Global cross-border bank credit declined by $130 billion in the second quarter of 2018. Nevertheless, the overall annual growth rate remained unchanged at 2% for the third consecutive quarter (Graph 1, red line).
The overall global figures mask a divergence of international banking activity across borrowing countries in the second quarter of 2018. The annual growth rate of cross-border credit to the United States fell from 6% at end-March 2018 to around 0% at end-June 2018 (Graph 1, orange line) and that of claims on EMDEs slowed to 5%, compared with its most recent peak of 9% at end-2017 (blue line). Meanwhile, the annual growth rate of claims on borrowers in the euro area remained in negative territory, closing at -1% (yellow line). In contrast, claims on Japan and offshore centres (purple line) grew at a rapid annual pace (9% and 8%, respectively).
There was also divergence in activity across borrowing sectors. Cross-border lending to banks contracted slightly, down by about 0.5% in the year to end-June 2018 (Graph 2, blue line). Meanwhile, the annual growth rate of cross-border credit to nonfinancial borrowers remained at roughly 3% (purple line). Lending to non-bank financial institutions, such as investment funds and special purpose vehicles, continued to expand rapidly. Cross-border claims on this sector rose by 7%, in line with the average growth rate since mid-2016 (yellow line).
Cross-border credit to EMDEs contracted by $20 billion in Q2 2018. This was the first quarterly contraction since late 2016, and it saw the annual growth rate slow from 7% at end-March 2018 to below 5% at end-June 2018.
The overall decline in cross-border claims on EMDE borrowers was concentrated in a few borrowing countries. Claims on Brazil declined by $20 billion, which more than reversed the large increase in Q1 2018. Other borrowing countries to experience declines in Q2 2018 included India (-$13 billion), Mexico (-$8 billion), Poland (-$7 billion) and Turkey (-$1 billion). In contrast, cross-border bank credit increased to Chinese Taipei (+$11 billion), the Czech Republic (+$7 billion) and Argentina (+$1 billion).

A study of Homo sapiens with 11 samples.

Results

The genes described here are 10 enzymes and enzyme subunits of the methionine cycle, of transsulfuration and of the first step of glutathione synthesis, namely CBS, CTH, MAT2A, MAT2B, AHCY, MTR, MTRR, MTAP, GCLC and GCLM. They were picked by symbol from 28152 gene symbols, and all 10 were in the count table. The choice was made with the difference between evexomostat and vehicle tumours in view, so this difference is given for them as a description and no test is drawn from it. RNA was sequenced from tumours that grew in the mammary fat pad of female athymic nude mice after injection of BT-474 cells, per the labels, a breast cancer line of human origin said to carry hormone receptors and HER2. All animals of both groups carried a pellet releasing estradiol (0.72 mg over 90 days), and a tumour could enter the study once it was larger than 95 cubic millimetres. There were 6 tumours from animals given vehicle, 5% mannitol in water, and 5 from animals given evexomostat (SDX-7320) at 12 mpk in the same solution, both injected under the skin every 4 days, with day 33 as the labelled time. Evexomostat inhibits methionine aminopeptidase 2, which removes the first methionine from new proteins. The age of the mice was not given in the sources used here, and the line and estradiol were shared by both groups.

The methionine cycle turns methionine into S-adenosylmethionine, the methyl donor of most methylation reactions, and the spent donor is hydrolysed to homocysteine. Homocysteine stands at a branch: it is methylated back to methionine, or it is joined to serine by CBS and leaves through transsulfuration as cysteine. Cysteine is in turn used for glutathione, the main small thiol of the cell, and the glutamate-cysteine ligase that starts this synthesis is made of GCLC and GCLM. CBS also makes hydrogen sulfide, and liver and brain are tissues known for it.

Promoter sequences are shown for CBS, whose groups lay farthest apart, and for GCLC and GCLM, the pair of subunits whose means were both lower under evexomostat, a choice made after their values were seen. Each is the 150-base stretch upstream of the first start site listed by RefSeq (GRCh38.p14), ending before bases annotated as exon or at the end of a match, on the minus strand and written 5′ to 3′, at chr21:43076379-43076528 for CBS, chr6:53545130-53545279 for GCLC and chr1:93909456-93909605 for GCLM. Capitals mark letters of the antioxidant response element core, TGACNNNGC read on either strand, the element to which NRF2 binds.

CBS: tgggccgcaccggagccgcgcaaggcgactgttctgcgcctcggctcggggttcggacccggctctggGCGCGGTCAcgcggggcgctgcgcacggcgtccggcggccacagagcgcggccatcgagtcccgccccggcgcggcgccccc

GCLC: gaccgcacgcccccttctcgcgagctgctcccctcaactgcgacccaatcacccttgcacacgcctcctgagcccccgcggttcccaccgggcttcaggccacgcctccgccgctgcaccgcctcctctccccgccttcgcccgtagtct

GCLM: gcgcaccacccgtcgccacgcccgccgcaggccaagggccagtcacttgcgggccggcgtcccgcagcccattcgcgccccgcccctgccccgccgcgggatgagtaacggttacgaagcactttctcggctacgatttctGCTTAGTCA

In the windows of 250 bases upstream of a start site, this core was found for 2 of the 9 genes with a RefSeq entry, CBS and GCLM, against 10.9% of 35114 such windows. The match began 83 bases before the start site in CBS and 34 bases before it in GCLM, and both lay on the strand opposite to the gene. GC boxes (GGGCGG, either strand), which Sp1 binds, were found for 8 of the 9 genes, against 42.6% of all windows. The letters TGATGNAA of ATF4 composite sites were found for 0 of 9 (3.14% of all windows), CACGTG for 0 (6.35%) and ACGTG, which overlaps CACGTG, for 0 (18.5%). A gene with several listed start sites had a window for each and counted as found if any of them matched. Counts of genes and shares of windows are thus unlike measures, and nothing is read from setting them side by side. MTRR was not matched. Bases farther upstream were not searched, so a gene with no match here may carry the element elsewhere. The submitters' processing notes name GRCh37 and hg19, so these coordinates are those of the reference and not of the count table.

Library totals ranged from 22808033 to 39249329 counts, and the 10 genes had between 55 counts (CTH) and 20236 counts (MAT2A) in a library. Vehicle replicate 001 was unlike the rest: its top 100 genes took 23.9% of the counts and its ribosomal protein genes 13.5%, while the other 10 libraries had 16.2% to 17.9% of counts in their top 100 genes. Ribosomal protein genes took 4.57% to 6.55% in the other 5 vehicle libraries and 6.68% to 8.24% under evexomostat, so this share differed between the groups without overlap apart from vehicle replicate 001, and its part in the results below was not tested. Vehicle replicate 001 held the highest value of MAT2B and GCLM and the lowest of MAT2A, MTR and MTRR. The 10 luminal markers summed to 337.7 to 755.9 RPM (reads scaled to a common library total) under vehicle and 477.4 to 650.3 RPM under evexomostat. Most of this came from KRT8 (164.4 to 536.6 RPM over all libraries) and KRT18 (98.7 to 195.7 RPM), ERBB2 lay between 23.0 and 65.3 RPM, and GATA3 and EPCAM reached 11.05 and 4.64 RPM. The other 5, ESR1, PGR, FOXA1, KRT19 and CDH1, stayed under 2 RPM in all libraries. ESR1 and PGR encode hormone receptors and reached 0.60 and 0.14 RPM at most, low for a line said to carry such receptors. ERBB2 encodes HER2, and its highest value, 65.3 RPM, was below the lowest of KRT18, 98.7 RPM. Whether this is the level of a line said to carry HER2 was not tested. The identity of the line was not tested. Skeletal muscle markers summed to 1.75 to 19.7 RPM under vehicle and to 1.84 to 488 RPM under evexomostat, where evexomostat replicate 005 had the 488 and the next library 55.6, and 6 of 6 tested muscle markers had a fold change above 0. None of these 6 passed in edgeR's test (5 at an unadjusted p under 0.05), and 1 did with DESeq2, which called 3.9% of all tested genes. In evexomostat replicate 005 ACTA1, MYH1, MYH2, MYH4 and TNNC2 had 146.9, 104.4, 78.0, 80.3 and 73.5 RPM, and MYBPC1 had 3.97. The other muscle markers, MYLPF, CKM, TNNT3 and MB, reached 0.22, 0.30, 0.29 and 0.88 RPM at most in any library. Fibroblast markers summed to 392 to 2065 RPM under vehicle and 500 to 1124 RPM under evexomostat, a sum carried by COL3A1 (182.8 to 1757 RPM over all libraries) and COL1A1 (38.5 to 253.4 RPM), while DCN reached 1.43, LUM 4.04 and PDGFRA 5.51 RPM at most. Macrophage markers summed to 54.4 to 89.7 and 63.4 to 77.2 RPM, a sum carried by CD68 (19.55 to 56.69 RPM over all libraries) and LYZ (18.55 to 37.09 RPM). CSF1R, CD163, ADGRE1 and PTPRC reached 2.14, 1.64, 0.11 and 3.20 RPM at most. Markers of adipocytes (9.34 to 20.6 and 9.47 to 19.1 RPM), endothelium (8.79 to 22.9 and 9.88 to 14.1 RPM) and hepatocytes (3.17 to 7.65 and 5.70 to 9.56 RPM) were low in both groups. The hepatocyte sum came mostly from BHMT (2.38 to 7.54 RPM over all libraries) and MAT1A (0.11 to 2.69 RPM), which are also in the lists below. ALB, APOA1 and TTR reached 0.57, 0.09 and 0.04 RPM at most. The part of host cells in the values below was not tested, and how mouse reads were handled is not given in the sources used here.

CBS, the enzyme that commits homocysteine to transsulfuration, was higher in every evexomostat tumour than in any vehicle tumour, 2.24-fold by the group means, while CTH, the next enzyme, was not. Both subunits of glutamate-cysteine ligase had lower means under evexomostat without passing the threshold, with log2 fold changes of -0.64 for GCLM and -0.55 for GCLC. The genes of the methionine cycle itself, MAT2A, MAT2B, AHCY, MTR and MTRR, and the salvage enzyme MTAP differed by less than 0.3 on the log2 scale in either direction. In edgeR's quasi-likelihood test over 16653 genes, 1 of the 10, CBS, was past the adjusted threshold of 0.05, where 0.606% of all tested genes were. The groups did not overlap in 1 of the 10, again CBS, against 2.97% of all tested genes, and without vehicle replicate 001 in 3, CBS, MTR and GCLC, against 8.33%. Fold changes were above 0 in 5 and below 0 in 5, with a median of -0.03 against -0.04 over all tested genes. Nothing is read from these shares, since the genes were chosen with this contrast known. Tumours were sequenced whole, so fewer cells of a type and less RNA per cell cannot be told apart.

Foreign banks’ outstanding claims on EMDEs totalled $4.9 trillion at end-June 2018 on a consolidated, ultimate risk basis (which takes into account credit risk transfers). Of this amount, the largest share comprised the local claims of banks’ foreign subsidiaries located in EMDEs ($2.8 trillion); the remainder was cross-border claims ($2.1 trillion). On top of these two main types of claim, foreign banks had exposures to EMDEs through three additional items: derivatives contracts, the positive market value of which stood at $122 billion at end-June 2018; credit protection sold against entities in EMDEs and other guarantees extended ($634 billion); and outstanding credit commitments to resident borrowers ($582 billion). At end-June 2018, UK banks had the largest claims on EMDE borrowers at $730 billion (Graph 4). US banks had claims of $718 billion, followed by Spanish banks ($605 billion), Japanese banks ($552 billion) and French banks ($494 billion).
There was considerable heterogeneity in the composition of foreign banks’ exposures to EMDEs. Some national banking systems’ claims were concentrated in one region (eg UK banks vis-à-vis emerging Asia), while other national banking systems’ claims were more dispersed across EMDE regions (eg claims of French banks).
The business models that banks employ when lending to EMDEs are also not uniform. Some banks conduct their international business largely on a cross-border basis out of their home country or in financial centres, such as Japanese banks. Others follow a multinational model and set up foreign subsidiaries, such as Spanish banks. Such differences in business models are relevant to understanding how banks might respond to adverse developments in a borrowing country.
As usual, the latest statistics are subject to revision and are affected by breaks in series – or changes in compilation – over time. Publication dates for revisions and updates are announced in the release calendar.